Tuesday, December 27, 2011

Friday, December 23, 2011

Rainy Day Blues

La Pluie / "The Rain"

The sky is grey, the rain invites itself
As if by surprise.
It is at our place and like a ritual
That bogs us down

The umbrellas open in step
Like a dance.
The drops fall in abundance
On gentle France

Chorus:
The rain is falling, falling, falling
On this (day of) Sunday in December.
In the shelter (lit: shade) of umbrellas
The passers-by hurry, hurry without waiting

We like it, sometimes it raises its voice
It pushes us around.
It gives no more of its news
In a heat wave

Then it comes back like a need
Out of affection
And it sings its grand song to us:
The flood

{Chorus} x 2

And it falls, and it falls, and it falls, it falls
It is hot
And it falls, and it falls, and it falls

Dali vs. Vermeer - The Lacemaker

...more

Wednesday, December 7, 2011

Indecision has a Price

But we will leave this tale, and do thou pipe unto me and we will both remember the Muses; for they it is, who have given these delightful gifts for us twain to have and our neighbours to hear.
- Theognis of Megara (1055-1058)

Saturday, December 3, 2011

Melancholic to Manic Fantasies of a Trapped Housewife

Mania...a healthy sign that the torture of the ego and self through the wit work of melancholia has ended, and the ego has recovered its' optimism... and can now take out upon "the other" that which it formerly been taking out exclusively upon itself.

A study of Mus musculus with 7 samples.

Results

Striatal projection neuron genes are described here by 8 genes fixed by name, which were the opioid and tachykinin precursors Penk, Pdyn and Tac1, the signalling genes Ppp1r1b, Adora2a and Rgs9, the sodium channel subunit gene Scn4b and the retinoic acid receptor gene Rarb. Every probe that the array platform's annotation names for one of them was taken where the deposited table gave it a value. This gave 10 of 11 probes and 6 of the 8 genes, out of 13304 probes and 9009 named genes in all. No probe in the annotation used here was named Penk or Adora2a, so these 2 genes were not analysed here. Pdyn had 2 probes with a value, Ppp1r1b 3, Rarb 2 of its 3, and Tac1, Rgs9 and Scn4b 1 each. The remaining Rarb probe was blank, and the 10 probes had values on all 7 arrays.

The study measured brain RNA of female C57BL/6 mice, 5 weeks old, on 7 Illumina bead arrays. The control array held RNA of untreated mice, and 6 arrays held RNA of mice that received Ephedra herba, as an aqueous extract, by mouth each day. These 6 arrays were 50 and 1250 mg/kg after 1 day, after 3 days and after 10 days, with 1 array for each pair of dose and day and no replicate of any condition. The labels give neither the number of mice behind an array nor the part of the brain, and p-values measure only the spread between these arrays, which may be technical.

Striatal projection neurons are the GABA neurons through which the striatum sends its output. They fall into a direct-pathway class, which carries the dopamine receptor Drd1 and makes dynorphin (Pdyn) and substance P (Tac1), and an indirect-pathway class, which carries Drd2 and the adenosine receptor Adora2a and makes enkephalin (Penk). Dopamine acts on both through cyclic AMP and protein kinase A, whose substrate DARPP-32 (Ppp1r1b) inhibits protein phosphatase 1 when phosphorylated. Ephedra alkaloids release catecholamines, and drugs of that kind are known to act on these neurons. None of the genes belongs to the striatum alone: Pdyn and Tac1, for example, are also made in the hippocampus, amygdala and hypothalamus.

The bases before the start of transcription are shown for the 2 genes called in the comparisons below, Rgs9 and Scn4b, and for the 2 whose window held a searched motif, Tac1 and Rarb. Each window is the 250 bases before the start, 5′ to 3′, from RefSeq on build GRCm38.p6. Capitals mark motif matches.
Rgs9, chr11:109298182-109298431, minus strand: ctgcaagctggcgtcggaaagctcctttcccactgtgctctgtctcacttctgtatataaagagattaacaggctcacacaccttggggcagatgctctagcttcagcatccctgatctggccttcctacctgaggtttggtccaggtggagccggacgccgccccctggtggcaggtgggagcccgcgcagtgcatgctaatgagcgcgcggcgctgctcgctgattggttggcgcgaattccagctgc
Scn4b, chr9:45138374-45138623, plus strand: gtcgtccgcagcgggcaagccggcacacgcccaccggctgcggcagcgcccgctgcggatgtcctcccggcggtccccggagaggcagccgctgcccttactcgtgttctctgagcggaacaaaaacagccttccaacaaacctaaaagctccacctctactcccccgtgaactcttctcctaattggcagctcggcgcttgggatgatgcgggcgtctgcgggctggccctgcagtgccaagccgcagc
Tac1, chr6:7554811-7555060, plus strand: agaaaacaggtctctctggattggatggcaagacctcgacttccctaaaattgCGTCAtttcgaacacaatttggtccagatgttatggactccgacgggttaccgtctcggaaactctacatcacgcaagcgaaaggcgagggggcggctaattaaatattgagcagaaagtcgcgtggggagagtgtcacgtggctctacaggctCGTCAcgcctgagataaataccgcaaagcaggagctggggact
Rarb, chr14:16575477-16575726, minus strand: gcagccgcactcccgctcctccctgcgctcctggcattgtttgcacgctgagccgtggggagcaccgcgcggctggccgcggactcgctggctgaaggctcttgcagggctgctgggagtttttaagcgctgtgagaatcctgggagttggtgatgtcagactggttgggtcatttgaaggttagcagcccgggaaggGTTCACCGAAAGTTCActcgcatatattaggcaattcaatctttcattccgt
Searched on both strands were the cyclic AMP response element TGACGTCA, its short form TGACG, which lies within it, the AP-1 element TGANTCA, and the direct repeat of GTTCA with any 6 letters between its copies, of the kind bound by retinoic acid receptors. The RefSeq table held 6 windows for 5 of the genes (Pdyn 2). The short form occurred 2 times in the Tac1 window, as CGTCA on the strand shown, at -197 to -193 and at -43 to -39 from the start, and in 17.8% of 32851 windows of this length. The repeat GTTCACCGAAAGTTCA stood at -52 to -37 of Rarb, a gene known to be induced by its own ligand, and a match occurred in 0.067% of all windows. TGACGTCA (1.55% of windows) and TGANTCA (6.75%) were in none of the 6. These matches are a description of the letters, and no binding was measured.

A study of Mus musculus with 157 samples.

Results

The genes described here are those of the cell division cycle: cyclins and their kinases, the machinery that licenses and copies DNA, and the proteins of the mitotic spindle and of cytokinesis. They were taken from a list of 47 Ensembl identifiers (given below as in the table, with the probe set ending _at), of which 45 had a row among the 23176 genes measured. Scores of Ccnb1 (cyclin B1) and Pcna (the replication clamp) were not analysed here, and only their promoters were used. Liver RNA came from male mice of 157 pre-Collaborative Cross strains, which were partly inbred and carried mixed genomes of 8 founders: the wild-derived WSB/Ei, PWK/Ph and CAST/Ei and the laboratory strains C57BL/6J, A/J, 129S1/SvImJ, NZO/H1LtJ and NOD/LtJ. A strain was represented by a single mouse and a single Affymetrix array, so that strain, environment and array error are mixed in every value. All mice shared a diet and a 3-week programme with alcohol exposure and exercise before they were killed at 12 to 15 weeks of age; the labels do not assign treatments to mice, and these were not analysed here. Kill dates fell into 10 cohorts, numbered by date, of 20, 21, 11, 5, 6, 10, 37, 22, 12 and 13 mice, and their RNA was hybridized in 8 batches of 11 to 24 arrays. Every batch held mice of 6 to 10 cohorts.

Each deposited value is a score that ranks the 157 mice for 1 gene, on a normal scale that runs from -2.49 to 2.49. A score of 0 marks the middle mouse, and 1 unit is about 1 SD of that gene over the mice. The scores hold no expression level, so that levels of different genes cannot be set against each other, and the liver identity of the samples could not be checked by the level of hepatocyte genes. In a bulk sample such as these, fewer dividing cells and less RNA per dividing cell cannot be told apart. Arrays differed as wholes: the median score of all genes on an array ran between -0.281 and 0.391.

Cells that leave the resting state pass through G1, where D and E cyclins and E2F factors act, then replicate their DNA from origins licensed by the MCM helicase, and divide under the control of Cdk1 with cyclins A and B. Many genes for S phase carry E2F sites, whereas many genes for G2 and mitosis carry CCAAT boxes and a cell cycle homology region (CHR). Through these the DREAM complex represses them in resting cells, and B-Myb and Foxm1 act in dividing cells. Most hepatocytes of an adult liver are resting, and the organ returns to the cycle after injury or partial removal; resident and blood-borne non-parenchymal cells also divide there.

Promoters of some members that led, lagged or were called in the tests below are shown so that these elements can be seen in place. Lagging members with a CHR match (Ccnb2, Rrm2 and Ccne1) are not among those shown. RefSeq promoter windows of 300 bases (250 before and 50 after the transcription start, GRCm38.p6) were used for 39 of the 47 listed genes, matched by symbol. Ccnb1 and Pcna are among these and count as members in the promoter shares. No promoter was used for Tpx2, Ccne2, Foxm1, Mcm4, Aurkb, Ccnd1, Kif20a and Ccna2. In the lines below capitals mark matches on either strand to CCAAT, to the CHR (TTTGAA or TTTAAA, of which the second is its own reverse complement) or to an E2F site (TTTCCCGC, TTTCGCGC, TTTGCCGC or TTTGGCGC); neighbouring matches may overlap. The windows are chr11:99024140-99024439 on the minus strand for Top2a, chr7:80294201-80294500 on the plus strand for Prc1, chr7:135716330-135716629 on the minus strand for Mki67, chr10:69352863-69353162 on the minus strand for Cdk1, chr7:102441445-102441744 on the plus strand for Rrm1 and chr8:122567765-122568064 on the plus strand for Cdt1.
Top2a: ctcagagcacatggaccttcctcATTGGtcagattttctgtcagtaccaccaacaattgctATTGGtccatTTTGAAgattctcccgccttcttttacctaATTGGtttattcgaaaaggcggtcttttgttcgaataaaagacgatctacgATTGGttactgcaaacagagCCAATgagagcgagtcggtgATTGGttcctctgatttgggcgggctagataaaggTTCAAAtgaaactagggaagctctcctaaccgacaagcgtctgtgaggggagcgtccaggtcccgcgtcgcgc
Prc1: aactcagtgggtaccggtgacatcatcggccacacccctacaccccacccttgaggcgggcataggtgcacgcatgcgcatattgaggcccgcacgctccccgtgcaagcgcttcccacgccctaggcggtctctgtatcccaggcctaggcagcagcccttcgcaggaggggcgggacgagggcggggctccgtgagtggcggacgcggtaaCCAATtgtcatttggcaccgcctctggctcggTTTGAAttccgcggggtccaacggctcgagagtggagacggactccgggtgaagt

Freud, "Mourning and Melancholia"
It was our expectation that the economic condition for the emergence of mania after the melancholia has run its course is to be found in the ambivalence which dominates the latter affection; and in this we found support from analogies in various other fields. But there is one fact before which that expectation must bow.

Of the three preconditions of melancholia—loss of the object, ambivalence, and regression of libido into the ego— the first two are also found in the obsessional self-reproaches arising after a death has occurred. In those cases it is unquestionably the ambivalence which is the motive force of the conflict, and observation shows that after the conflict has come to an end there is nothing left over in the nature of the triumph of a manic state of mind. We are thus led to the third factor as the only one responsible for the result. The accumulation of cathexis which is at first bound and then, after the work of melancholia is finished, becomes free and makes mania possible must be linked with regression of the libido to narcissism. The conflict within the ego, which melancholia substitutes for the struggle over the object, must act like a painful wound which calls for an extraordinarily high anti-cathexis.—But here once again, it will be well to call a halt and to postpone any further explanation of mania until we have gained some insight into the economic nature, first, of physical pain, and then of the mental pain which is analogous to it.